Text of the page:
Several weeks ago, the Vikings Stadium bill was described as a "Hail Mary," the last-second deep pass play in football with little chance of success. In reality, it was more like the closing scenes of a poorly-scripted WWE wrestling match. You might be rooting for the nondescript everyman in blue spandex, but sooner or later we know that the referee will turn a blind eye so that a hulk with a moniker like "Captain Anabolic" can knock him out with a folding chair.
So the Vikings got their hail Mary, but thanks to that blind eye from both our city attorney (no referendum, no motions) and a legislature that undid Senator Marty's amendment that would have upheld the city charter, the Wilfs and the gang of seven got the ball back too. And just like the end of a football game when the leader has possession, these officials appear primed to sit on the ball and let the clock run out.
CMs Gary Schiff and Cam Gordon accompanied fifty or so protestors at City Hall yesterday, speaking in favor of such novel ideas as upholding their oath of office and allowing Minneapolitans to vote on stadium spending. Only fourteen years ago, Minneapolis voters sent a message loud and clear: When it comes to publicly financing professional sports stadiums, we do not trust our elected officials to do the right thing and negotiate deals that are in the best interest of our city. Over 62,000 people across this city voted in favor of that referendum. And the Minnesota Taxpayer's League conducted an admittedly unscientific poll about the stadium in four key wards. Fifty-five percent of people who voted in the last election said they oppose the current stadium proposal.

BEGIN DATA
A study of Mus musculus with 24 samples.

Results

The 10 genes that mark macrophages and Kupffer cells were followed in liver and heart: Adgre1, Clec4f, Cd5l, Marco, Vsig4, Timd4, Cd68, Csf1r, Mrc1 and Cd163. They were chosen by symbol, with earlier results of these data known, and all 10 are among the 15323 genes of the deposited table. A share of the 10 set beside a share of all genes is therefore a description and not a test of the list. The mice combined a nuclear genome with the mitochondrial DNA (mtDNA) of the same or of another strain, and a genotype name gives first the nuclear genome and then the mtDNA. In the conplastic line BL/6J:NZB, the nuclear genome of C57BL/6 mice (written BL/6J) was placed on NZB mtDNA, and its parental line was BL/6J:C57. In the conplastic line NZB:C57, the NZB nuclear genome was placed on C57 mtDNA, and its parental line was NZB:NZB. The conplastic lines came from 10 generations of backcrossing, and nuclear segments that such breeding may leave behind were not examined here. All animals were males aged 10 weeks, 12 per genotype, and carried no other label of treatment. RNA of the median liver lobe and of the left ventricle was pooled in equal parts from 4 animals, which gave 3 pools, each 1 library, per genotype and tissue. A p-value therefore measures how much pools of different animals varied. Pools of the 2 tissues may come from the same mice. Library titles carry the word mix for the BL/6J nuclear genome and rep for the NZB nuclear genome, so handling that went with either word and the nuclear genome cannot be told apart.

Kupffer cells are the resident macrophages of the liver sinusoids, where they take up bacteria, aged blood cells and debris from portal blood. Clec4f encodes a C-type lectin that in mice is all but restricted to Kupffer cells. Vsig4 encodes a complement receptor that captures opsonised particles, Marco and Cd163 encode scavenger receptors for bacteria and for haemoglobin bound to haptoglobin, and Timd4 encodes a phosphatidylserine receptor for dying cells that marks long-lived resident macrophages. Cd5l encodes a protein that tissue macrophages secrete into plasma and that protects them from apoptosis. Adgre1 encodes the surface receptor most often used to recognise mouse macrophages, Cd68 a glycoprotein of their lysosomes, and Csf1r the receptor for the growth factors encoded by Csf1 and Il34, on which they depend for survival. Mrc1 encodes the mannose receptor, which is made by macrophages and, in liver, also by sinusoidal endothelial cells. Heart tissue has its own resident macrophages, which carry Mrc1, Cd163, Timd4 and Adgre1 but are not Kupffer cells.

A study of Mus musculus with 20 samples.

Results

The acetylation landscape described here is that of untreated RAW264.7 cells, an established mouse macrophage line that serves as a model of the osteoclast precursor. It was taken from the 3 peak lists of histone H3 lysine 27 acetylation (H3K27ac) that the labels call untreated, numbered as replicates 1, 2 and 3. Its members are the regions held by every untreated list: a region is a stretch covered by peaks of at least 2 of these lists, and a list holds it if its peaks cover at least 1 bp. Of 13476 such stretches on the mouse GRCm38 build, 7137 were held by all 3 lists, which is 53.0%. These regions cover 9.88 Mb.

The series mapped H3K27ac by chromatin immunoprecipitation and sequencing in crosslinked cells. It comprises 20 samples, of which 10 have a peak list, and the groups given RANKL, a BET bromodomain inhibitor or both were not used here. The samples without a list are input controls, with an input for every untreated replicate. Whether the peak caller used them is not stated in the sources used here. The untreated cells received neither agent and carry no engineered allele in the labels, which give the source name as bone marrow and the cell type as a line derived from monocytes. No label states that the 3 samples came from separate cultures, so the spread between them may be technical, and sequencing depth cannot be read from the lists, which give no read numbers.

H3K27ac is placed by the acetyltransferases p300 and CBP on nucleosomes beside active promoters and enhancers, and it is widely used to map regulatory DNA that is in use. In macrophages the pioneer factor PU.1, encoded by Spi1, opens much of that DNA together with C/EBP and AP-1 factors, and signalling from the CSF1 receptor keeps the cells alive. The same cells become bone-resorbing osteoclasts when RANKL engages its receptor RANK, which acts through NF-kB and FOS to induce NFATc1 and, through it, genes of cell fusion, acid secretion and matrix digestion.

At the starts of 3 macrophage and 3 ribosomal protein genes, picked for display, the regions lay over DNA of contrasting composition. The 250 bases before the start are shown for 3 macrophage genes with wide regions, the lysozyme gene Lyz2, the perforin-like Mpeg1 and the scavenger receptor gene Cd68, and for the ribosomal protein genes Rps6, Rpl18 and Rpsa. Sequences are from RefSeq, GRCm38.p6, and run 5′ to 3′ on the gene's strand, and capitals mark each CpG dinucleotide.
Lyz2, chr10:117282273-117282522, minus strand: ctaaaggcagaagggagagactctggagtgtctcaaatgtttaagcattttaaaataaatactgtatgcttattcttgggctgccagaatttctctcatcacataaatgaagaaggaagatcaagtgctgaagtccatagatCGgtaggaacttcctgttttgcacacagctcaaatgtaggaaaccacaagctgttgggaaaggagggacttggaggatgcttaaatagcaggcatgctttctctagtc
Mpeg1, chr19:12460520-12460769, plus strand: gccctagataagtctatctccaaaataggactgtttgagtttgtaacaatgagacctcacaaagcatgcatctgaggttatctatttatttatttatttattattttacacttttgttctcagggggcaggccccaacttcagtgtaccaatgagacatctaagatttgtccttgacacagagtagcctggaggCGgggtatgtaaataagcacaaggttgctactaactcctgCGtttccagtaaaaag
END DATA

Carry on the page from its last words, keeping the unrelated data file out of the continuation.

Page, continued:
Contrast those results with other elections, such as...
...R.T. Rybak's 2001 win, when 57,739 people voted for him. Or 2005, when he garnered 43,198 votes. Or most recently in 2009 when only 33,234 turned out in his support. Furthermore, when CM Reich was elected in his own ward, he received a lower percentage of the vote (50.31%) than the percentage of poll respondents who have come out against the stadium bill.
Worse still, we don't even begin to make payments on the stadium financing for roughly ten years. That's a more foolish funding structure than the most predatory of subprime loans that led to the housing crisis. In all likelihood, the gang of seven, the city attorney, and the governor will be either out of politics by then or working in different capacities. Since those who make such financial blunders will in essence be shielded from any accountability by the time the bill comes due, a referendum is absolutely essential.
Sen. Marty summed up the Mayor's and Council President's actions quite nicely:
Mayor Rybak and Council President Johnson pulled together a stadium funding package, then came to the capitol and lobbied aggressively to get the state to adopt it. They asked the state to take your city’s future sales tax revenue and spend it on the Vikings stadium. They succeeded. The state will take the future revenue from your local sales taxes and use it to pay for the Vikings stadium.
Then, they turn around and tell the public that the charter does not apply – because it isn’t the city spending city money on it; it was the state taking city tax money and spending it. That is disingenuous – kind of like the story of the man who killed his parents and then begged the court for mercy because he was an orphan – the mayor and council president begged the state to do this, and then they tell the public that the city didn’t have a choice because the state forced it on them.
We have one more day to send this bill back where it belongs--first to the legislature so it can be reworked, and second to the voters of Minneapolis if funding triggers a referendum.